It took filmmaker Jon Schwartz and his small crew just three hours to shoot Gertrude Barnstone: Home Movie. It took Barnstone 90 years to live the amazing life the essay film captures.
Born in Houston in 1925, she started studying art at the Museum of Fine Arts, Houston when she was just seven years old. In the film, she recounts that her mother took her to meet with the museum director one day. He handed her a paper and a pencil and asked her to draw a circle. Barnstone did. "You're in," the director told her. At the time, the museum didn't have children's classes, so the young Barnstone was placed in adult classes, painting nudes right alongside the older students.
After she graduated from Rice University in 1945, she became an actress for a short while. Then, disregarding the advice her mother gave her — "Never get married. Never have kids. They ruin everything" — she became a wife and mother, marrying architect Howard Barnstone and raising a family.
In the mid-1960s, her children were in elementary school. Barnstone became so enraged by the racial discrimination in Houston's public schools at the time that she got herself elected to the school board. She was one of only two liberals on the board (African-American Hattie Mae White was the other).
Despite angry opposition, the two women were instrumental in successfully integrating Houston's schools. Barnstone jokes that the televised school board meetings were called The Monday Night Fights because of the vocal and spirited debates among the board members.
She left the school board after serving five years.
Howard Barnstone was extremely talented...and troubled. Mental health issues made him volatile. Barnstone eventually divorced him. The two remarried a short while later, but it wasn't exactly a reconciliation. Barnstone explains the remarriage allowed her and her children access to his health insurance. Howard Barnstone killed himself a few years later.
On her own after the divorce, she enrolled in a welding class at the community college and reinvigorated her career as an artist. (She stopped welding her oversize creations just five years ago after a fall in her studio.)
A longtime friend of Barnstone's, Jon Schwartz structured Home Movie very simply. It shows Barnstone seated inside the Rothko Chapel talking into a stationary camera, discussing the various phases of her life. That's it.
“I didn’t want to do just a biographical film with [Texas political activist] Sissy Farenthold coming on camera and saying, “Gertrude’s a wonderful person,” or whatever she would have said. I thought, 'Gertrude's such an interesting person, we can do this where she’s the only voice in the film.' So we did.”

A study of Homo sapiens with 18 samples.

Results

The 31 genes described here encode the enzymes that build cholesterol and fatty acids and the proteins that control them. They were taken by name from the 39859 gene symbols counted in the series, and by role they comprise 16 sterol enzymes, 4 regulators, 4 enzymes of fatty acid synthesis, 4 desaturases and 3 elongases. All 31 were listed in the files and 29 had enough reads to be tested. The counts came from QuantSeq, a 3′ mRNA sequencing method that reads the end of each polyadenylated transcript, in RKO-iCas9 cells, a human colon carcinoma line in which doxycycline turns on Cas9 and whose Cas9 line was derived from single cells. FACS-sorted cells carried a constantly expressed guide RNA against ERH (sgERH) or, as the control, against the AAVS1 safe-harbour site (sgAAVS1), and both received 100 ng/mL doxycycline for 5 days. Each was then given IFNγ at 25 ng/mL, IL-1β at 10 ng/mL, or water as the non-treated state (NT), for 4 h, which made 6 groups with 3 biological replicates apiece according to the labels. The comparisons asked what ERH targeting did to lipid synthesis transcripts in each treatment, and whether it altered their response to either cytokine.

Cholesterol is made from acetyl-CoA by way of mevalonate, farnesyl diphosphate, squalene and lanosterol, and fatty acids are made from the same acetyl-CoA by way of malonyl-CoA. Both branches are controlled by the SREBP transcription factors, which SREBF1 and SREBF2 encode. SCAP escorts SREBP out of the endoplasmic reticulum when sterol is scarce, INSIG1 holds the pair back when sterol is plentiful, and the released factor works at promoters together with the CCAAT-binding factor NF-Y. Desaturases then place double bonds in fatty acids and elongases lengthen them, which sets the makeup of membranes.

The 57-minute documentary was a rather impromptu project, coming together very quickly. “I asked her if she would sit still long enough so that we could do it, and she said, 'Sure, let’s do it,'” he tells us.
Schwartz was able to film inside the Rothko Chapel, a rarity. (The fact that Barnstone's late husband had been one of the building's designers may have had something to do with the Chapel's cooperation.)
There was no rehearsal; Barnstone didn't know what questions Schwartz would ask. The narrative follows a more or less chronological order. She moves from her childhood to her work as an artist, her involvement in desegregation to her husband's suicide with the same candor and seeming lack of regret.
Each scene was the first take, Schwartz tells us. “It's just Gertrude talking. It worked, I hope.”
Filmmaker Jon Schwartz introduces the screening Gertrude Barnstone: Home Movie. Gertrude Barnstone and photographer-cinematographer Arthur Meyerson join him for a post-film discussion. 1 p.m. November 8. Museum of Fine Arts, Houston, 1001 Bissonnet. For information, call 713-639-7515 or visit mfah.org. $9.
Keep the Houston Press Free... Since we started the Houston Press, it has been defined as the free, independent voice of Houston, and we would like to keep it that way. Offering our readers free access to incisive coverage of local news, food and culture. Producing stories on everything from political scandals to the hottest new bands, with gutsy reporting, stylish writing, and staffers who've won everything from the Society of Professional Journalists' Sigma Delta Chi feature-writing award to the Casey Medal for Meritorious Journalism. But with local journalism's existence under siege and advertising revenue setbacks having a larger impact, it is important now more than ever for us to rally support behind funding our local journalism. You can help by participating in our "I Support" membership program, allowing us to keep covering Houston with no paywalls.